With Major League Baseball’s playoffs now in full swing, a lot of the MLB teams have gone home for the season. In the Independent Baseball Atlantic League, the Bridgeport Bluefish have gone home for good.
Sunday, September 17, 2017. Somerset Patriots versus the Bridgeport Bluefish. The final game of the 2017 season.
I’ve spent many an hour in the stands at the Ballpark at Harbor Yard. I’ve seen Rickey Henderson and Jose Canseco in their baseball dotage. I’ve seen a few big name big leaguers as managers – Tommy John, Willie Upshaw, and Sparky Lyle immediately come to mind.
But I’ve always found the fans barely paid attention to what was happening on the field. Home runs would go ignored. Skillful fielding plays warranted barely a whisper. Rallies went unnoticed. It was strange, and unlike my experience at almost any ballpark.
Consequently, my feelings about the place are more associated with the people I’ve attended with over the years. The last day was no exception. I ran into the shortstop of the slow pitch softball team I played for a decade ago. He was a gutty player, always getting dirty, good for a clutch hit – a generally good dude. We drank a beer and talked about our lives.
We both got married in the past couple of years and bought new homes. We both have jobs of increasing responsibility. We recalled people we knew in common and spoke of a couple of funny moments from playing ball (well, he played ball. I don’t know what I was doing, but it wasn’t that). The game happening in front of us was far less important. What was important was the sun, and the beer, and the chat.
And that seems to have always been in the case in Bridgeport. So, I chronicled the last half inning as a background to all the other more important things that were going on there.
Not much being played for this afternoon. Somerset already clinched a playoff spot by winning the first half title. Bridgeport, who actually had a better overall record than Somerset, missed the playoffs in the first half by a game and puttered to a .500 record in the second half. Their season, among other things, was done that day.
Bottom of the ninth inning, Somerset leading 9-1. The game was tied until the sixth when bad Bluefish relief pitching increased Somerset’s lead to 5-1 and even more inept pitching (this time by former big leaguer Manny Delcarmen) widened the deficit. Eight runs down is a big hill to climb.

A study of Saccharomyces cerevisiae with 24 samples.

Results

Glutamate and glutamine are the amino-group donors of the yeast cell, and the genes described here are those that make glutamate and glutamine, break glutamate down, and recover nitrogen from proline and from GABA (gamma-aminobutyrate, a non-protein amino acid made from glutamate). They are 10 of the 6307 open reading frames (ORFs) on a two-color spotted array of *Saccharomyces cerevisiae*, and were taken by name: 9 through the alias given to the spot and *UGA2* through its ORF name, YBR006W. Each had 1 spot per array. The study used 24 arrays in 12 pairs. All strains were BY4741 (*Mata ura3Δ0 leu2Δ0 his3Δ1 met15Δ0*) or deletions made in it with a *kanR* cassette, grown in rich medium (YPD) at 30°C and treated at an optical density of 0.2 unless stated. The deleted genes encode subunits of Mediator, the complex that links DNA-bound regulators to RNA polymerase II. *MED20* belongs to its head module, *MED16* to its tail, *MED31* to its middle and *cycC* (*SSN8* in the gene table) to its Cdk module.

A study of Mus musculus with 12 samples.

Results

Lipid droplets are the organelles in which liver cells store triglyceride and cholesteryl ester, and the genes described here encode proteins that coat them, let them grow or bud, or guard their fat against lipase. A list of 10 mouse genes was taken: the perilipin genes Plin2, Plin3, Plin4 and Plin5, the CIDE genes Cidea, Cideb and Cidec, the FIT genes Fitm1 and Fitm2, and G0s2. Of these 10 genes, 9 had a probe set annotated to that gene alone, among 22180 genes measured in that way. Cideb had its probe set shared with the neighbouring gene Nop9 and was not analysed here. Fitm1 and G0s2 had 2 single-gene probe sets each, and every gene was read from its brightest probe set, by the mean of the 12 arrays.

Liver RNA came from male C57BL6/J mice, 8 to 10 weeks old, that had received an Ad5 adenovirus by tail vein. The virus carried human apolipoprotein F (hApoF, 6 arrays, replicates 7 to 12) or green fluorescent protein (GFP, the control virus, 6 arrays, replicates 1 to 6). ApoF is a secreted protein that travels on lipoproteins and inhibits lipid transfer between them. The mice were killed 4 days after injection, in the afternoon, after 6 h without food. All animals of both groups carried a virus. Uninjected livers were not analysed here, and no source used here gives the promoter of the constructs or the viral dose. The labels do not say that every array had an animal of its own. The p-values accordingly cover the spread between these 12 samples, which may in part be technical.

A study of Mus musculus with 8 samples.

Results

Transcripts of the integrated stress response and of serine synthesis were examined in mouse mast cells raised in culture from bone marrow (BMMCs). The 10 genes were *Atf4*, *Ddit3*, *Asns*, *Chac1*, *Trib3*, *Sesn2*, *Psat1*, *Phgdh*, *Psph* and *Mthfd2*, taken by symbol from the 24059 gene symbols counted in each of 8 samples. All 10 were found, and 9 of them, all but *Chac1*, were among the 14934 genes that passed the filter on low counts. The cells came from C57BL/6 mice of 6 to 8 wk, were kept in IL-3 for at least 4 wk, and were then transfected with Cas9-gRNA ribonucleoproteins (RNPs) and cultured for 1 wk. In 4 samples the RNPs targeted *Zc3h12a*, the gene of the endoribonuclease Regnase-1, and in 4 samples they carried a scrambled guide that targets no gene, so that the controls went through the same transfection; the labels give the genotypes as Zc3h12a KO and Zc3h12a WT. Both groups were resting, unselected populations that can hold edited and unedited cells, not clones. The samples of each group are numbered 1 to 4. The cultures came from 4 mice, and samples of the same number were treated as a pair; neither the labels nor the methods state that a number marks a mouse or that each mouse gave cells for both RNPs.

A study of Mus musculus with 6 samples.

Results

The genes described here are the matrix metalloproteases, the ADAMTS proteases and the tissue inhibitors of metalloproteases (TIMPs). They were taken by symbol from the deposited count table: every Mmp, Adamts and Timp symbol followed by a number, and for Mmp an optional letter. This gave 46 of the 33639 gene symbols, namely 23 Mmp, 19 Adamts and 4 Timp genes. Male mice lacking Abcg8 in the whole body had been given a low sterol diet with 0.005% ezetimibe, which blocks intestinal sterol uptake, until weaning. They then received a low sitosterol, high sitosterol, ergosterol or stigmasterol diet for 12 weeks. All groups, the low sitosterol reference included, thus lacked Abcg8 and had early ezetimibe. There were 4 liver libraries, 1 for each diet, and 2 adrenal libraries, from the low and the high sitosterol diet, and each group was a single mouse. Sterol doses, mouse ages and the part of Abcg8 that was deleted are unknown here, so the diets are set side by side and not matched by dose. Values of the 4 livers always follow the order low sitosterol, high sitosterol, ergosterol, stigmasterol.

Bridgeport’s Jose Cuevas lined a double past the third baseman, waking the buzzy crowd.
Wellington Dotel stepped to the plate. He bounces a nubber just to the left of Patriots pitcher Jon Hunton, the Atlantic League’s all time saves leader. Falling away as he made the throw, Hunton just got Dotel at first. With a runner at third, the fans really started to cheer. They wanted a comeback. They didn’t want it to be done.
Jonathan Galvez was up next. He had a professional at-bat, hitting a deep flyball to left, scoring Cuevas. 9-2, Somerset.
Gustavo Molina, a veteran catcher with major league experience, singled to left, enflaming the crowd further. The next hitter, Angelys Nina, popped a high fly into short right. Any other afternoon, this would have been the third out, but a sun-filled sky interfered and the ball fell safely. Two men on. It was starting to feel like a real rally, a Hail Mary admittedly.
Santiago Nessy strode to the plate. He was wearing a Tampa Yankees helmet, his 2016 team. He hit a pop up to right, and this time the sun couldn’t delay the inevitable. With that, it was all over.
As Somerset walked onto the field to slap hands, the fans stood and applauded. The Bridgeport Bluefish died that day, joining the New Haven Ravens in the graveyard of defunct Connecticut minor league baseball teams. Cause of death: benign neglect. In a league where everyone else wants to be somewhere else, it turns out the fans in Bridgeport did as well. The Connecticut Post covered the whole story here.